Eileen boasts magnetic performances from Thomasin McKenzie & Anne Hathaway. But for all its intrigue and setup, the film’s final act isn’t entirely deserved.


Directed by William Oldroyd from a screenplay by Luke Goebel, the less known about Eileen goes into the movie, the better. It’s the kind of movie that will shock and annoy, but also potentially disappoint. Based on a novel by Ottessa Moshfegh, Eileen boasts magnetic performances from Thomasin McKenzie and Anne Hathaway. But for all its intrigue and setup, the film’s final act isn’t entirely deserved, taking a turn that’s more for shock value than it is for story.



Rebecca and Eileen are both interesting characters, but Rebecca is particularly understated, and the couple’s relationship even more so. There should be more interaction between them before the film’s big twist, but Oldroyd holds back on offering more. Even the queer romance is undercooked, and often feels restrained. First half of Eileen is deliberately, slowly but surely setting up the characters and the world they live in.

Eileen’s life is the same as it has always been for four years and it is easy to see that she is bored and miserable in her life, passive, an observer who does not seem interested in taking action and often feels that she can’t. Rebecca is the catalyst for the changes Eileen begins to make. Finally, someone really sees her for who she is and can be. For the first time in a long time, Eileen feels alive and in control of where she can go. But the final act doesn’t work as well as it should despite Eileen’s growth. It diminishes much of the groundwork Oldroyd spent so much time fleshing out in the first half. The twist takes a quick shortcut to get to the story’s conclusion while leaving the state of affairs open and ominous. The lack of resolution is perfectly fine, although it would have worked better if the twist had been earned.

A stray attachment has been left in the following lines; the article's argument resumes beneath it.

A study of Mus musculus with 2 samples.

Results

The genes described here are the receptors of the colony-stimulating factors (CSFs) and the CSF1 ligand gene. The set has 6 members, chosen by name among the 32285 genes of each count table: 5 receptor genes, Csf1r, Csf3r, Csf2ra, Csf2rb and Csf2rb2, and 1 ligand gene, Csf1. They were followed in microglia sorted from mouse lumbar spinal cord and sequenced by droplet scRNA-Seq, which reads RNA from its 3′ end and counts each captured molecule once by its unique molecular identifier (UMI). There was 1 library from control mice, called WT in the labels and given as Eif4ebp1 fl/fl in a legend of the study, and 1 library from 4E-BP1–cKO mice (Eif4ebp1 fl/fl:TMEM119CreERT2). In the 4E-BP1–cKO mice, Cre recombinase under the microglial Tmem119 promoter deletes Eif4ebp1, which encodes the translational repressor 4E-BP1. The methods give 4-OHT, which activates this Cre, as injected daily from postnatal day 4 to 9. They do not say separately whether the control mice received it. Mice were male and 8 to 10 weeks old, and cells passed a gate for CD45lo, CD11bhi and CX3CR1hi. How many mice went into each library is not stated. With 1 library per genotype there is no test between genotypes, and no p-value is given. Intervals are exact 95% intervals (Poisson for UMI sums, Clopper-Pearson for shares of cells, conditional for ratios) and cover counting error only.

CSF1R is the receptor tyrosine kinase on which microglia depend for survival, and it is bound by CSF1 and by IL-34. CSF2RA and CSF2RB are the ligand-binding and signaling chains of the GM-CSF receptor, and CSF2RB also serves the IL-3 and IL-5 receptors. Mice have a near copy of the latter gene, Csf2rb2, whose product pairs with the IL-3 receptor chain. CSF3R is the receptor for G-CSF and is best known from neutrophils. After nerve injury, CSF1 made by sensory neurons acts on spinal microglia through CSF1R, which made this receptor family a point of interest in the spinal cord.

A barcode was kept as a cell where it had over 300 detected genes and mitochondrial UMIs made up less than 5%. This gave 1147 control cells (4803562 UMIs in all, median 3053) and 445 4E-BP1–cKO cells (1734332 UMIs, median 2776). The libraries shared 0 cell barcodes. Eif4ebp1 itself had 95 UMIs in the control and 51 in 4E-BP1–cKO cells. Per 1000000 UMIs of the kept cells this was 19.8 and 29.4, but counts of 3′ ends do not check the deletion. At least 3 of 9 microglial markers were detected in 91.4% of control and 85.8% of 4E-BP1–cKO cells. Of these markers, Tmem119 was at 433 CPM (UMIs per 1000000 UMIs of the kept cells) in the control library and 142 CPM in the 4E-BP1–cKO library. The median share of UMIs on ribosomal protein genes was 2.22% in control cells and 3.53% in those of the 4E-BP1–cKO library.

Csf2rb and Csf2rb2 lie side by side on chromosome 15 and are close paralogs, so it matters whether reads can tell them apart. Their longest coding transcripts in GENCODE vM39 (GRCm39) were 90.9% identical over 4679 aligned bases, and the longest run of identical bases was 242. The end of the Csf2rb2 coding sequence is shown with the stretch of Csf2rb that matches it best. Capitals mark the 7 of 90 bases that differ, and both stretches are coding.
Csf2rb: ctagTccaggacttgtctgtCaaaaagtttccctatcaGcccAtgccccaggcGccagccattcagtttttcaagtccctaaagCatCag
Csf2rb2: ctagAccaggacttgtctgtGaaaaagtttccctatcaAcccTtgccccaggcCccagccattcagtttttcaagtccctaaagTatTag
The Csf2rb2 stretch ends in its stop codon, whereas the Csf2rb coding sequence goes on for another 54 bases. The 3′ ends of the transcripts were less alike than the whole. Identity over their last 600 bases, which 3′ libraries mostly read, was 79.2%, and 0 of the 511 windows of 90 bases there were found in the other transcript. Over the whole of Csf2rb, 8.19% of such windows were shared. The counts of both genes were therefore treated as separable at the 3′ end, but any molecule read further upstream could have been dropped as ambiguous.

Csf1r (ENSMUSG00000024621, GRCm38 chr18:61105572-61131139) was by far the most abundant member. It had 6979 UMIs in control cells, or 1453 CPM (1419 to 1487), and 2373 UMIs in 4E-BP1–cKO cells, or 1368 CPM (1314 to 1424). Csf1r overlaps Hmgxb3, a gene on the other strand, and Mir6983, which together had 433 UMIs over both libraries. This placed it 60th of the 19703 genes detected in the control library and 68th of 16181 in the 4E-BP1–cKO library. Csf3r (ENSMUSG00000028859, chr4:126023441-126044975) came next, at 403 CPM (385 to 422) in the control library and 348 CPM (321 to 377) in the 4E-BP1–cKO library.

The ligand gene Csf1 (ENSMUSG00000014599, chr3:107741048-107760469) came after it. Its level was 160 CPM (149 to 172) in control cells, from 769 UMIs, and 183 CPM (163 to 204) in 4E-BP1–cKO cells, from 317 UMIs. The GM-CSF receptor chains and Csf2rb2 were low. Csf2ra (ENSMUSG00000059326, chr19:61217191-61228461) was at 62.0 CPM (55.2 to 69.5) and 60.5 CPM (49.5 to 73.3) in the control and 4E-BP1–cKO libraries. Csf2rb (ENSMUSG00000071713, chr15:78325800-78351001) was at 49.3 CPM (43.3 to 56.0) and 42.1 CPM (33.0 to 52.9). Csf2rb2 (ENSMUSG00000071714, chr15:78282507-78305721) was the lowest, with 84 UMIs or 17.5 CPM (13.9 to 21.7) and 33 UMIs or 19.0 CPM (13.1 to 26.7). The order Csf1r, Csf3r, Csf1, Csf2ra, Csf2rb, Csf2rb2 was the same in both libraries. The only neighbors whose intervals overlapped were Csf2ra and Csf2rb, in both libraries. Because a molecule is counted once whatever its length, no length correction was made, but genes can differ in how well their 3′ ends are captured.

And yet there is something intoxicating and alluring about it Eileen. Regardless of how the story ends and in which direction it goes, you cannot help but watch the film. It is exciting and mysterious. Eileen’s watchability is largely due to the performances of Thomasin McKenzie and Anne Hathaway. McKenzie is timid as Eileen, imbuing her character with a sense of detachment to everything around her. Her eyes, glazed and unfocused, change when she’s around Rebecca, and McKenzie conveys Eileen’s growth in her body language. Hathaway, on the other hand, is a scene-stealer. Her Rebecca oozes confidence and sex appeal; she’s elusive with just a hint of deception lurking beneath the surface, and Hathaway looks like she’s having fun in this role.

As hypnotic as Eileen is, the film ultimately falls short. Its final moments suggest that it could have become a completely different film than it was originally presented. Had there been enough time to flesh out the story and build the tension, the final Rebecca twist would have worked much better.